Guides on Support Needs of SCI Adults
Review and communicate your needs with these practical guides.
Proper care and support are crucial to the rehabilitation of people with spinal cord injury (SCI). Since everyone has different support needs, it is important to review and communicate your needs well with your caregivers in order to receive satisfactory care. Sometimes this can be hard. Not everyone is a good communicator or simply there are too many ideas and details that you don’t know where to start. A good guidance on SCI support would be helpful in such situations. Therefore, we would like to introduce the following three guides to you. They may come in handy at different stages of your SCI journey.
1. “Rebuilding, together – a guide for caregivers”
At the early stage of a SCI journey, many are likely to be overwhelmed physically and emotionally by all the new information and challenges flooding in. During this critical time, family members and friends, despite equally overwhelmed, are likely to be the first persons to take charge of issues when the person with SCI cannot handle them on their own.
This 12-page guide would be most useful for this period of time. It presents the fundamental information on what a caregiver can expect and do for their family member or friend with SCI, from hospital to rehabilitation. The brief yet comprehensive guide was written by Shepherd Center, an American hospital specialized in SCI and other neuromuscular diseases and conditions. It is easy to read and doesn’t overload you with information.
2. “Guidance on the support needs of adults with spinal cord injury”
As the SCI journey continues, it is necessary to review the support you have or need. This guidance produced by icare (an Australian insurance and care provider) will be a good reference for you. Its information was based on expert’s practical knowledge as well as first-hand experience of people with SCI. If you are not sure whether you need a carer or support worker, read page 12-15 of the guidance explaining the differences.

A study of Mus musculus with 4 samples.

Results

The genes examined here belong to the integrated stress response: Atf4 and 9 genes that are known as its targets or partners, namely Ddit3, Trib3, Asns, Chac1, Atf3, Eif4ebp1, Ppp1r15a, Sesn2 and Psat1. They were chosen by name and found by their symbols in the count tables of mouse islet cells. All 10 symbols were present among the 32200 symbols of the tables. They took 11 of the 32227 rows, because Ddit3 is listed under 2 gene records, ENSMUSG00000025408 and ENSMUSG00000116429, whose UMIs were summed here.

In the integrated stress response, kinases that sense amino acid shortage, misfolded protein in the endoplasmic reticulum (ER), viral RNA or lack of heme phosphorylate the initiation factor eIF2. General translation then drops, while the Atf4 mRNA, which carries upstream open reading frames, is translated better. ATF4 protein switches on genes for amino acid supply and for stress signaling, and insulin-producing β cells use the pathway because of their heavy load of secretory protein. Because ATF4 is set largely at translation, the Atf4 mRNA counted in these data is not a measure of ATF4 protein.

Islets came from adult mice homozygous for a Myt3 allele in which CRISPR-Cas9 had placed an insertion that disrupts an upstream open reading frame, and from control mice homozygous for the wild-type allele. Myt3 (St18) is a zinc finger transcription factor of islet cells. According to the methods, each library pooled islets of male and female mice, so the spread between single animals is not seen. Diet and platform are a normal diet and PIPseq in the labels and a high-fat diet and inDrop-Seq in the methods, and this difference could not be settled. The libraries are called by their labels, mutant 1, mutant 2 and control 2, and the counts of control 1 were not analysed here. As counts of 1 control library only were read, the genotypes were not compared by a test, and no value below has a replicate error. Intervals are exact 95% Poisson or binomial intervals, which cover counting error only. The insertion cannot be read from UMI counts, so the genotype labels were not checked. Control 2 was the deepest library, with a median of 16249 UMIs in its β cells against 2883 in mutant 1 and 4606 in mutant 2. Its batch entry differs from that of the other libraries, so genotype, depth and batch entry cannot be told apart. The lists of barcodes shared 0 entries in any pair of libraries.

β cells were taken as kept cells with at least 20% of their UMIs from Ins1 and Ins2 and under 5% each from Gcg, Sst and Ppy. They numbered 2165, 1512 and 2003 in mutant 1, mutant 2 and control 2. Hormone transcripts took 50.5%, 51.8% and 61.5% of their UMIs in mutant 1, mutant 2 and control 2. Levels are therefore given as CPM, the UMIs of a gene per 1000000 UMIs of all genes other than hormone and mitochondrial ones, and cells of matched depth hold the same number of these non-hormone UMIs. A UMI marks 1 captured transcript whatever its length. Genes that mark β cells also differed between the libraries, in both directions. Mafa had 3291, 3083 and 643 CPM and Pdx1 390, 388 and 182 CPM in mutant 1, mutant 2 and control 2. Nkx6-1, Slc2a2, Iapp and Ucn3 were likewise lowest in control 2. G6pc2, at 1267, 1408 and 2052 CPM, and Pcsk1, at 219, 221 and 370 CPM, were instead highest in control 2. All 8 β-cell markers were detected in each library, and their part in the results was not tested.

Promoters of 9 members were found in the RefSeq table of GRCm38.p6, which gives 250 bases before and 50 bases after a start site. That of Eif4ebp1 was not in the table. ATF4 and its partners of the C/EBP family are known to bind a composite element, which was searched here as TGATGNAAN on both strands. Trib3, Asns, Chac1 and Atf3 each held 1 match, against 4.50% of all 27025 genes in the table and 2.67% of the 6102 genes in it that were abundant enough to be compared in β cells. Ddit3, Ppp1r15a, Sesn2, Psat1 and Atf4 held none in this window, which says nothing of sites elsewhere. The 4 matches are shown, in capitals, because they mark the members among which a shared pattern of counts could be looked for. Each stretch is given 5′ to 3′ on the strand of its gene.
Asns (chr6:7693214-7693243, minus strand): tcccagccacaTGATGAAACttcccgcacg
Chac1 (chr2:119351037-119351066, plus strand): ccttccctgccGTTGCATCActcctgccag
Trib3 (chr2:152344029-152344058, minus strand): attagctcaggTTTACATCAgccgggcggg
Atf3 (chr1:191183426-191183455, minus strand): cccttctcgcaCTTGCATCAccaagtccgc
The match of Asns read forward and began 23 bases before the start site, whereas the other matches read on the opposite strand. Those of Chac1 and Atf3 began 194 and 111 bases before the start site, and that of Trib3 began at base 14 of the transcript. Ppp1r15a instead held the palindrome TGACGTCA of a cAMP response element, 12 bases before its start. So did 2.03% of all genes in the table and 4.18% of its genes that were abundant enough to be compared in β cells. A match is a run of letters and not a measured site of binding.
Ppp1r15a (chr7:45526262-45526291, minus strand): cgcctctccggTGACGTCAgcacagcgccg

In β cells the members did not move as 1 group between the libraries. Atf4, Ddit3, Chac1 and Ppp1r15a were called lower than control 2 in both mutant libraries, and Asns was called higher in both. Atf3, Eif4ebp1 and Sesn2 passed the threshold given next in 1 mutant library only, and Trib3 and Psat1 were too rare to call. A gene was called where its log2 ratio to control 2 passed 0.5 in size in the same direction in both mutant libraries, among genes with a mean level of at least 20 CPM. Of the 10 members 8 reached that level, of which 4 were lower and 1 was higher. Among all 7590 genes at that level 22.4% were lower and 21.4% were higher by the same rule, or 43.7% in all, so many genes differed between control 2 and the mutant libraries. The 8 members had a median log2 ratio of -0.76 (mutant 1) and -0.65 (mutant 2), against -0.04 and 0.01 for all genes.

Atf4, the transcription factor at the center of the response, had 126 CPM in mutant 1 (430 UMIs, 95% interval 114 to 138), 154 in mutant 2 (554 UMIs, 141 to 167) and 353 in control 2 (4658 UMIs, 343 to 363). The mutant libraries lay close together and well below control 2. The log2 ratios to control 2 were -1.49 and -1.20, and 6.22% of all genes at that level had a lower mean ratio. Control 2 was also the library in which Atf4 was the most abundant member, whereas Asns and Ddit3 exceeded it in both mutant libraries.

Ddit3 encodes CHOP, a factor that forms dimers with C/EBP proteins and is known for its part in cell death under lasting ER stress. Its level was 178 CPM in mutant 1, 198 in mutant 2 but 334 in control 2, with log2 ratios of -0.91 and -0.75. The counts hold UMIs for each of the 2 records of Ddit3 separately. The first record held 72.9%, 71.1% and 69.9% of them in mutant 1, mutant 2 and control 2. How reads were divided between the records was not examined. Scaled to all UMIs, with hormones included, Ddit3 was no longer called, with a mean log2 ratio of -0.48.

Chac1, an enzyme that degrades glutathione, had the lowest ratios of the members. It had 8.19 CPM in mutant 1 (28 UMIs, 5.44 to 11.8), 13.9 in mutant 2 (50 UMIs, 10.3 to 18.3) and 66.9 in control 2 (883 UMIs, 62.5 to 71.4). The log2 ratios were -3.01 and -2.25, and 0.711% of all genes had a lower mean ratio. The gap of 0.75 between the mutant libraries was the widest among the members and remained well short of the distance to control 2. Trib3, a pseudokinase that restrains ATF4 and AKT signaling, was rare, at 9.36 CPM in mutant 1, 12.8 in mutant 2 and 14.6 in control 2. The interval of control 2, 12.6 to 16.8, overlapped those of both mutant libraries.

Within its 94 pages, the guidance includes extensive lists of assistive technology as well as charts and tables illustrating in detail the possible support you may need from a support worker. All information is sorted according to different levels of injury. This serves as an excellent and convenient reference for your discussion with your family members, friends or healthcare professionals on the level of support you need.
If you finally decide to hire a support worker, this guide will be of great help. Again published by Shepherd Center, this 16-page guide explains the options you have for personal assistance services and provides sample advertisements and forms for your recruitment. Although the guide is based on the situation in the U.S., most samples are transferable to situations worldwide, for example, the personal needs assessment and checklist for self-care activities. This guide can help you better clarify your personal needs and screen for the most suitable support worker for your unique situation.
In addition to the above English guides, you can find more tips on daily life and mobility in our Wiki available in four languages. These useful tips were gathered from our SCI specialists at Swiss Paraplegic Centre and can be easily understood and followed.
How often do you review the support you need? What challenges do you have while communicating your needs? If you know any practical SCI support guide in other languages, please share with us.